Yesterday, the press was apoplectic over the alleged quotes by Steve Bannon, former White House Chief Strategist, in a new book by author Michael Wolff, called “Fire and Fury: Inside the Trump White House”. In the book, Bannon criticizes President Trump’s inner circle, including Donald Trump Jr., and his son-in-law Jared Kushner over their meeting with Russian “operatives”, claiming the meeting was “treasonous”.
Trump came out swinging at Bannon with this tweet, where he unleashed on the author Michael Wolff today: I authorized Zero access to White House (actually turned him down many times) for author of phony book! I never spoke to him for book. Full of lies, misrepresentations and sources that don’t exist. Look at this guy’s past and watch what happens to him and Sloppy Steve!
And again, just before midnight on the same day Wolff’s book was released, Trump slammed “Sloppy Steve” and author Michael Wolff, who Trump calls a “total loser who made up stories to sell this really boring and untruthful book” in his latest tweet:
So, how truthful is Wolff’s book? According to the author himself, he’s not quite sure it’s all true.
Has the media zeroed in on the tabloid-style book to keep Americans distracted from the real news, that Hillary Clinton and the Clinton Foundation are now under investigation by the DOJ? Does the media hope we won’t read about how Comey allegedly committed a federal crime when he released classified emails to his professor friend, who then leaked them to the media?
Here’s the top story on the Drudge Report:
The author of the explosive new book about Donald Trump’s presidency acknowledged in an author’s note that he wasn’t certain all of its content was true.
Michael Wolff, the author of “Fire and Fury: Inside the Trump White House,” included a note at the start that casts significant doubt on the reliability of the specifics contained in the rest of its pages.
Several of his sources, he says, were definitely lying to him, while some offered accounts that flatly contradicted those of others.
But some were nonetheless included in the vivid account of the West Wing’s workings, in a process Wolff describes as “allowing the reader to judge” whether the sources’ claims are true.
Fox News host Laura Ingraham came out hard after the author, Michael Wolff, when she highlighted a sentence on a page in the controversial book and tweeted it out with the following message: From Wolff book—this is TOTALLY FALSE. I was there! “Distanced themselves from Trump”?! Total fabrication.
From Wolff book—this is TOTALLY FALSE. I was there! “Distanced themselves from Trump”?! Total fabrication. pic.twitter.com/75QbME75IL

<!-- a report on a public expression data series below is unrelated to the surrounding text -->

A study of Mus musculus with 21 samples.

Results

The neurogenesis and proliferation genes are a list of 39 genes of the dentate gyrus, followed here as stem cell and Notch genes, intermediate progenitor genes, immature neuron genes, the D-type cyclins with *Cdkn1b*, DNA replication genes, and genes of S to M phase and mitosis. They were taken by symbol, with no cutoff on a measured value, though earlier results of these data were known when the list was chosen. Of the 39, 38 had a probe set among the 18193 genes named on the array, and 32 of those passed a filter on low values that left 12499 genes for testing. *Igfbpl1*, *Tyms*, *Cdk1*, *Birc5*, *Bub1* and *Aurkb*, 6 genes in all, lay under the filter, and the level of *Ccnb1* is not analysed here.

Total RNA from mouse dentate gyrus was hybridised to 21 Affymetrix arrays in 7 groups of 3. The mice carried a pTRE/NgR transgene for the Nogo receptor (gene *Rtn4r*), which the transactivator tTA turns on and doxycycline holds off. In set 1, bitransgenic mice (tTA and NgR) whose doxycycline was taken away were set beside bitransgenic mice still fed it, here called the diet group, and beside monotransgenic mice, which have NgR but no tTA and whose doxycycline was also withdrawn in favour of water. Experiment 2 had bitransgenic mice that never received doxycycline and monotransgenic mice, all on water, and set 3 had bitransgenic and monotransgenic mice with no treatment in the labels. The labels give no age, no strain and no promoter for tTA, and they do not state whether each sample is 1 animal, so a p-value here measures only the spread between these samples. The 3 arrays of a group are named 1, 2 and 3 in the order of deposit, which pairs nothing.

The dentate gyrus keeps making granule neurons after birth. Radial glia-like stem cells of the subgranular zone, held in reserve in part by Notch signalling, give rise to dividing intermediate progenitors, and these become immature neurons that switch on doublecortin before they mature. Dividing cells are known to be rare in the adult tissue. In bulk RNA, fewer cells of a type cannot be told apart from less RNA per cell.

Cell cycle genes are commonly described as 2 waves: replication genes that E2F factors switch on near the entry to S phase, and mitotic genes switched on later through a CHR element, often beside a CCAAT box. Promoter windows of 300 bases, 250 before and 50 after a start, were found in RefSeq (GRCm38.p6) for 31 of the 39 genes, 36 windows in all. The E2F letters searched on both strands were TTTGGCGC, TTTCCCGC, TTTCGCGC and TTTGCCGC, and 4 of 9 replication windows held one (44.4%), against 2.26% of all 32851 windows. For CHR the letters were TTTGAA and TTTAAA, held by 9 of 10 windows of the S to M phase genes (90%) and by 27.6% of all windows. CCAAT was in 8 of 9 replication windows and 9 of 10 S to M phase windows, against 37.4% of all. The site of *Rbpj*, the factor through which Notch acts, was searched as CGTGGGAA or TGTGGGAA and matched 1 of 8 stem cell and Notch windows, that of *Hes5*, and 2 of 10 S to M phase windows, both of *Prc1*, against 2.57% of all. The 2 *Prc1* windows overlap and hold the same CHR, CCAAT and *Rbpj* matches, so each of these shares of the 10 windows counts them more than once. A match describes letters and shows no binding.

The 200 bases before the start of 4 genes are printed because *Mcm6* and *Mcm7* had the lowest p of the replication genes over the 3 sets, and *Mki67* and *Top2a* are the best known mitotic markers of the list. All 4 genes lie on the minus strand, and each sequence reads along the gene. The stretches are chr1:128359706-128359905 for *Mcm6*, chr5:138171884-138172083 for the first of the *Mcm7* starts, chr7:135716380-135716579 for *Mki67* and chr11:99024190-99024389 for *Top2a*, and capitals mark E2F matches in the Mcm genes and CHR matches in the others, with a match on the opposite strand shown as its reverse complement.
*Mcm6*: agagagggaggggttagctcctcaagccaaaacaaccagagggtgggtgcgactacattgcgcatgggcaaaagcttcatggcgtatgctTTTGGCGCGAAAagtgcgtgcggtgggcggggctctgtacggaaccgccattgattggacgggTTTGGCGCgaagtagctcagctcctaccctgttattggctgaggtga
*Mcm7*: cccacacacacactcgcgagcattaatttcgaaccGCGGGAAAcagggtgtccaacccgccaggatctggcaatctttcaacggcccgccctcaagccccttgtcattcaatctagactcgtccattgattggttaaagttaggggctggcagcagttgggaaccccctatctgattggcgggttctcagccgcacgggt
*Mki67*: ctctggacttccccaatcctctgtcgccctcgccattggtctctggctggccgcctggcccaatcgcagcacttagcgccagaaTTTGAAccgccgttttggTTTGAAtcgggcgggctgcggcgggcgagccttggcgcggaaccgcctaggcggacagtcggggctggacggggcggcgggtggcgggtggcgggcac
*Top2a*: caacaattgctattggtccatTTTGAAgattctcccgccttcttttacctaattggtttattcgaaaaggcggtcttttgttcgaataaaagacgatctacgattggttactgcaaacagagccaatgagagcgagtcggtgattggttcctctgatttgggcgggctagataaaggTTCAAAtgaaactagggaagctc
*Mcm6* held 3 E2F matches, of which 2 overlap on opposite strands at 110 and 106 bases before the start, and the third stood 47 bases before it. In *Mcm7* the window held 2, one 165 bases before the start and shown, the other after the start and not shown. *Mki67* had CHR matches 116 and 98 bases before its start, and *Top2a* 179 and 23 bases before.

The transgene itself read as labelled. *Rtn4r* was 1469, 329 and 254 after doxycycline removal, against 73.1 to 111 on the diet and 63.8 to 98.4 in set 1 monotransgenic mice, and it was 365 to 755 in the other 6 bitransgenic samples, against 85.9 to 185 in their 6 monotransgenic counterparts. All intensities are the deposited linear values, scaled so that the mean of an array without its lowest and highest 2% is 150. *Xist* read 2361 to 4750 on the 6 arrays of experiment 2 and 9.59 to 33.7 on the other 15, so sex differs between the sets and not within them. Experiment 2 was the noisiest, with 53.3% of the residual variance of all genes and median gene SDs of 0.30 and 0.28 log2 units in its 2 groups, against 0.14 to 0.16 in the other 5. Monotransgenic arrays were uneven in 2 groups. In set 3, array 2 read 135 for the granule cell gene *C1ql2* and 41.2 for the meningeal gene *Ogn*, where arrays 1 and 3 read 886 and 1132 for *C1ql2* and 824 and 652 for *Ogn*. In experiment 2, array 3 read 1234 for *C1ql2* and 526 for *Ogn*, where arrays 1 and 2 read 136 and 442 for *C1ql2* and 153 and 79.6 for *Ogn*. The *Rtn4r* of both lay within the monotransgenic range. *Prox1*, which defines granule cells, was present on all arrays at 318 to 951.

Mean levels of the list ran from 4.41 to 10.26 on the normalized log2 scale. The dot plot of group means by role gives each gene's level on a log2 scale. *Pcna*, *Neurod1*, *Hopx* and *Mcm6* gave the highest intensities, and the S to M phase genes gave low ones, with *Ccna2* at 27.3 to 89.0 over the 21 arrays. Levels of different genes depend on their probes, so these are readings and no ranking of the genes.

— Laura Ingraham (@IngrahamAngle) January 5, 2018
In other cases, the media columnist said, he did use his journalistic judgment and research to arrive at what he describes “a version of events I believe to be true.”
Here is the relevant part of the note, from the 10th page of the book’s prologue:
“Many of the accounts of what has happened in the Trump White House are in conflict with one another; many, in Trumpian fashion, are baldly untrue. These conflicts, and that looseness with the truth, if not with reality itself, are an elemental thread of the book.
“Sometimes I have let the players offer their versions, in turn allowing the reader to judge them. In other instances I have, through a consistency in the accounts and through sources I have come to trust, settled on a version of events I believe to be true.”
The book itself, reviewed by Business Insider from a copy acquired prior to its Friday publication, is not always clear about what level of confidence the author has in any particular assertion.
Lengthy, private conversations are reported verbatim, as are difficult-to-ascertain details like what somebody was thinking or how the person felt.
Wolff attributes his book to “more than two hundred interviews” with people including Trump and “most members of his senior staff.” According to the news website Axios, Wolff has dozens of hours of tapes to back up what he said.
Claims contained in the book have been widely reported by the media in the US and further afield.
They include assertions that Trump never wanted to be president, that all of his senior staff considered him an idiot, that he tried to lock the Secret Service out of his room, and that he ate at McDonald’s to avoid being poisoned.-Business Insider
White House press secretary, Sarah Huckabee Sanders, described the book as “complete fantasy” and told the rabid press corp that “I’m not going to waste my time or the country’s time going page by page and talking about a book that is complete fantasy and just full of tabloid gossip.” Sanders went on to explain how little Americans care about the ridiculous content of the book as compared to jobs, the economy, the threat of ISIS and the reduction of taxes.